When celebrated mixed-media artist Caron Tabb sat down for an intimate one-on-one conversation with JALSA executive director Cindy Rowe, it was all about “artivism” and Tabb’s call to action expressed through her new exhibit, “Humanity Is Not a Spectator Sport,” now on view at the Beacon Gallery on Harrison Avenue in Boston.
Following in the footsteps of JALSA’s crowd-raising events, which in the past have included Menorahs with Michelle (Wu), Latkes with Dukakis, Babka with Barney (Frank), Dreidels with Deb (Goldberg) and several others, this year it was “Creativity with Caron,” taking place on Dec. 7 in celebration of the prior week’s #GivingTuesday campaign.
Tabb’s exploration of artivism—how art can inspire us to take action to confront racial and social inequalities—is deeply rooted in her Jewish identity. Sharing her view on the role we all play in social movements, Tabb said, “In order for humanity to succeed, we have to be active participants.” This philosophy is at the heart of her approach when she begins the task of processing the concepts and ideas behind her thought-provoking pieces.
At the core of Tabb’s Beacon Gallery exhibit is tzedakah, the Hebrew for “charity,” derived from the root word tzedek, meaning justice or righteousness. In Judaism, tzedakah is a religious imperative, even for those who have little to give. Tabb’s exhibit includes two tzedakah boxes inspired by the work of Ruth Messinger, former president of American Jewish World Service, and chaplain Clementina Chéry, co-founder and CEO of the Louis D. Brown Peace Institute (named in memory of her 15-year-old son killed by an act of gun violence). They are striking visualizations of the power of using one’s voice to bend the arc of justice.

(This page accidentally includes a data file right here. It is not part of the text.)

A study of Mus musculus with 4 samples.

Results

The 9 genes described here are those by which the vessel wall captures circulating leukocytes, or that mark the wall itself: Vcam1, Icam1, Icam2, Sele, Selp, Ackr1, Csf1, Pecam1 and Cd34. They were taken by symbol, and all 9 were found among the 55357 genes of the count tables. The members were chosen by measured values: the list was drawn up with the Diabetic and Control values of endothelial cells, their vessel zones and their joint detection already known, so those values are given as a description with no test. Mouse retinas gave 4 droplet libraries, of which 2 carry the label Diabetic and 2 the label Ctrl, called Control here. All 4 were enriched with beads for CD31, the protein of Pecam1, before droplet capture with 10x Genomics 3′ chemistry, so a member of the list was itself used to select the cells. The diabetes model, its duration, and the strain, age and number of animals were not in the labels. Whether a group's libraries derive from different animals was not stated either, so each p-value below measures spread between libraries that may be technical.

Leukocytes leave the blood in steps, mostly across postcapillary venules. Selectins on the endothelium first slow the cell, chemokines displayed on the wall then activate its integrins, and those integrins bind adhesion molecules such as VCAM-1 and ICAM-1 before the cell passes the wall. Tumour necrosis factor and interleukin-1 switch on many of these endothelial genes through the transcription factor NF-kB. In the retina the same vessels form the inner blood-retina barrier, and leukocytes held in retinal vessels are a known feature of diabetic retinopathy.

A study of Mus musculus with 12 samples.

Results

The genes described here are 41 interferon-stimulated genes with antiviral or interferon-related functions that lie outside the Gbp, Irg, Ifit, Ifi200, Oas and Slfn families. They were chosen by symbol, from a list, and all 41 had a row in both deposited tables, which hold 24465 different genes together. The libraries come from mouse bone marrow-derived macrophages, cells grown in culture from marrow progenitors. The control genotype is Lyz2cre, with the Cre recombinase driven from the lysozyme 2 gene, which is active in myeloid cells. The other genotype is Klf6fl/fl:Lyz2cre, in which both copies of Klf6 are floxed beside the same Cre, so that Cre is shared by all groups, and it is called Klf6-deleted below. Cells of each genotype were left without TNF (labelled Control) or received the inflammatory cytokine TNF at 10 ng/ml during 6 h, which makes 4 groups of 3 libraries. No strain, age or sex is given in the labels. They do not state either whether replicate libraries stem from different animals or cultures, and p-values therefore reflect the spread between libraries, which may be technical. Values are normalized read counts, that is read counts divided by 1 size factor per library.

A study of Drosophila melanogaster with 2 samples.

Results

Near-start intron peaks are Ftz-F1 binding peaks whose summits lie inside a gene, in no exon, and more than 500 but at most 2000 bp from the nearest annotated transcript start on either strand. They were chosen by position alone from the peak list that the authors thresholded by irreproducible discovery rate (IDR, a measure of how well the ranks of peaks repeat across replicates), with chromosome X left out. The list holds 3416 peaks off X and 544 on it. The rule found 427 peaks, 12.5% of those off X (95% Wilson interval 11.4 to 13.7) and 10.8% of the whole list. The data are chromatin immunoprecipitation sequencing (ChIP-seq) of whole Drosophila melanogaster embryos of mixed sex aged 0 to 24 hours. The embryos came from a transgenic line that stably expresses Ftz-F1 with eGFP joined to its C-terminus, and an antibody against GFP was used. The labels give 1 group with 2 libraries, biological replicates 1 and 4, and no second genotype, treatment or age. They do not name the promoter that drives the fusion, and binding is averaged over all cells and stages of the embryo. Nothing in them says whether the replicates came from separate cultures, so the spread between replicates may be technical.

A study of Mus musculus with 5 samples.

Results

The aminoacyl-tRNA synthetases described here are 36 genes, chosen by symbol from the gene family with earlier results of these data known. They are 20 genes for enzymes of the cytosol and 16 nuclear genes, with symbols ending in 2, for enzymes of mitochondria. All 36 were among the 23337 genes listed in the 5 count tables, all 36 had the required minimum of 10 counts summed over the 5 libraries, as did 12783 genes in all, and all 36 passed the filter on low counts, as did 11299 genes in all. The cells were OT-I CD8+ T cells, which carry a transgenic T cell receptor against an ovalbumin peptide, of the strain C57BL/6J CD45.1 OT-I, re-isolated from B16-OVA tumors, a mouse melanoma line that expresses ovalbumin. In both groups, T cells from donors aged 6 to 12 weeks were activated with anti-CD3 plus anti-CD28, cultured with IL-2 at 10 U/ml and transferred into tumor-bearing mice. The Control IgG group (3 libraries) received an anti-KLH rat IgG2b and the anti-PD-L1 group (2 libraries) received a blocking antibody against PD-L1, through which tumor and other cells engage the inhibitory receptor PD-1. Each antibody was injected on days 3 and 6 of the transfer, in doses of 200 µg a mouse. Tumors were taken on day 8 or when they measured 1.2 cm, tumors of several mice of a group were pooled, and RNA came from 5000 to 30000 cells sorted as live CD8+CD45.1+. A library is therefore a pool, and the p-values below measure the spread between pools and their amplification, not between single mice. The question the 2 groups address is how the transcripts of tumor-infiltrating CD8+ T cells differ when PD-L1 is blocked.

In one of the most heart-wrenching pieces in the exhibit, Tabb takes us back to her very beginnings, displaying her own heavily redacted birth certificate mounted and framed behind broken glass. “To be born white,” according to Tabb, “is to be born fractured into a singular category,” particularly as she was in South Africa under apartheid. This origin story is woven throughout her show, with race serving as backdrop for many of the statements made by her pieces.
The virtual gallery talk, attended on Zoom by many of JALSA’s supporters, provided a window into how art can amplify themes of social justice, and most particularly how the pandemic and our country’s recent racial awakening should be the shofar call for us all to get involved.
“Humanity Is Not a Spectator Sport” will be at the Beacon Gallery until Jan. 17.